I was the first born child and so more was expected of me than my brothers. Why, you might ask? Well, for one thing my parents were following the Dr. Spock rule book in those days and so were trying to do everything right, including expecting me to behave. Next came my brother. He received all the expectations of what my father wasn’t able to accomplish in his life, such as wanting to become a doctor. You see, my grandparents couldn’t afford to send my father to medical school so having to pay for his own education, Daddy took the lower road to pharmacy school. Now there isn’t anything wrong with a pharmacist profession; in fact he paid for my family’s welfare over the years with his working in a drug store, and then owning one. Don’t get me wrong, my father did well in his life. That said, he was determined that my brother would become a doctor. So brother number one had his path laid out for him from the moment of birth and luckily, he had the constitution to work for it and become a doctor.
Then came brother number two who arrived five years after me. At this point, already having two other children, my parents got a bit tired. And, being the “baby”, this brother was the rebel. Brother number two was determined to live his own life and didn’t want any part of the grand entrance that his sister and older brother were making. So he’s the farthest thing from a perfectionist. In fact, he’s operating in his own world. Back to my other brother and myself.
Coming into the world as child number one, my parents didn’t want me to be behind, so they put me ahead in school. Figure that one out? I was put into first grade seven months early making me quite young in the class rather than the alternative of being one of the oldest. That was their thinking at the time and it made sense to them. However, for me it meant spending almost six years trying to catch up. What it did do was teach me how to study because school work didn’t come easily to me. In the end, this bit of learning became quite handy when the other kids, who were having an easy time, didn’t learn the same skills finally hit the wall when they arrived in college. Meanwhile, I was really prepared since I already knew how to study what I didn’t understand.
Brother number two spends most of his early years trying to live up to my good example until he actually becomes a doctor and then moves way ahead of me. I was totally ok with that because I really understood that he was satisfying my father’s unspoken but clearly known objective. And, of course, although he went through great trials to reach his stride, he eventually began to make lots of money in a profession where being detail-oriented is very important. He’s at the far end of perfectionism also, so much so that when things aren’t working he buries his head in the sand as it’s too much for him to deal with. If it ain’t perfect, he can’t handle it. Sad really. But also as we know, money isn’t everything.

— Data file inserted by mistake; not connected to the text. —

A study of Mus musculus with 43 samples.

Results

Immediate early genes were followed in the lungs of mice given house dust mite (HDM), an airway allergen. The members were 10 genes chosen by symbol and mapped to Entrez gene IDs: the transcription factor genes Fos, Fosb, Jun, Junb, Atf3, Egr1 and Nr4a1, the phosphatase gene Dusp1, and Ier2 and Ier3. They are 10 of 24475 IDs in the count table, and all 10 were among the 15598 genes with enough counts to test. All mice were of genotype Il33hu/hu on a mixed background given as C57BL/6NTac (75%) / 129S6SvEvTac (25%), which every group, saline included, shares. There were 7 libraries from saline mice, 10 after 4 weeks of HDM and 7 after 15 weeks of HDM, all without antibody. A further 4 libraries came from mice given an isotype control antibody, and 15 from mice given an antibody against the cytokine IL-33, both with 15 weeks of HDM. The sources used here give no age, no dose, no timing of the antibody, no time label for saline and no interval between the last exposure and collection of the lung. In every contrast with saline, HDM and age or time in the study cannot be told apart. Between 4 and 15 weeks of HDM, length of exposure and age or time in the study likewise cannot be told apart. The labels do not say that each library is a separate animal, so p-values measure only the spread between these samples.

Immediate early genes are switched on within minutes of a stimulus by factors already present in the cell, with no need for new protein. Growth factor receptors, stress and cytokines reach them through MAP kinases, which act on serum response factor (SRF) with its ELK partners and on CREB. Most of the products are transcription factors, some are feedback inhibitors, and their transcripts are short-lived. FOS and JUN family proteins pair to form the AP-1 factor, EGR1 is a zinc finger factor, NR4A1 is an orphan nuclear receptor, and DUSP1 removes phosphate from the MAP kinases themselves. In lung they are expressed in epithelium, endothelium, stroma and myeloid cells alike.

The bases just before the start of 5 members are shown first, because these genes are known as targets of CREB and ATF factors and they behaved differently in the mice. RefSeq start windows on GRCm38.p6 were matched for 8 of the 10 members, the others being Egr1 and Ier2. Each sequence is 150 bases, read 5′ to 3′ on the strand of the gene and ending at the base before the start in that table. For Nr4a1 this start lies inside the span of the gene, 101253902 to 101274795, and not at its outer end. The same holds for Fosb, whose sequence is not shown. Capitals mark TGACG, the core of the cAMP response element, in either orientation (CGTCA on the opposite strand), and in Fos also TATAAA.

Now I did well in my life as I realized too that money doesn’t buy happiness when I tried to be perfect in my marriage and nothing I did would ever be enough. My ex-husband just wasn’t nice to me. It’s a long story and quite karmic. Lots of lessons were learned, one of which is that there is no such thing as perfection. No matter how hard you try, the holy grail of perfection just cannot be reached. If one is at work, the 80/20 rule normally applies – which is that about 80% is normally enough with the extra 20% taking way too long to reach and not adding that much more to the mix, unless we’re dealing with brain surgery or a lunar landing.
So whether we are trying to learn a dance, a sport, or comparing ourselves to someone else, we can never be perfect. We should never try to be perfect since it’s a losing battle, fraught with anxiety, grief, despair and self-doubt. If only I could dance better… if only I were thinner, if only I could keep the house cleaner….. I would be loved, prettier, better in some way and that would make me ok. If you don’t like yourself as you are now, then the bit more that you do won’t make any difference. Sure, there’s always room for study, improvement, learning more stuff; but not agonizing over it.
So here’s the punch line: When I go out and meet someone that cannot enjoy what they are doing because they are stuck in perfectionism, I can only feel sorry for them. If only one can love oneself for whom they/we are now and allow room to grow spiritually in all ways, then we are talking about personal development which is healthy. This is a lesson that many of us have had to learn in one way or another and to one degree or another. Let go of perfectionism and embrace the joy of just being you.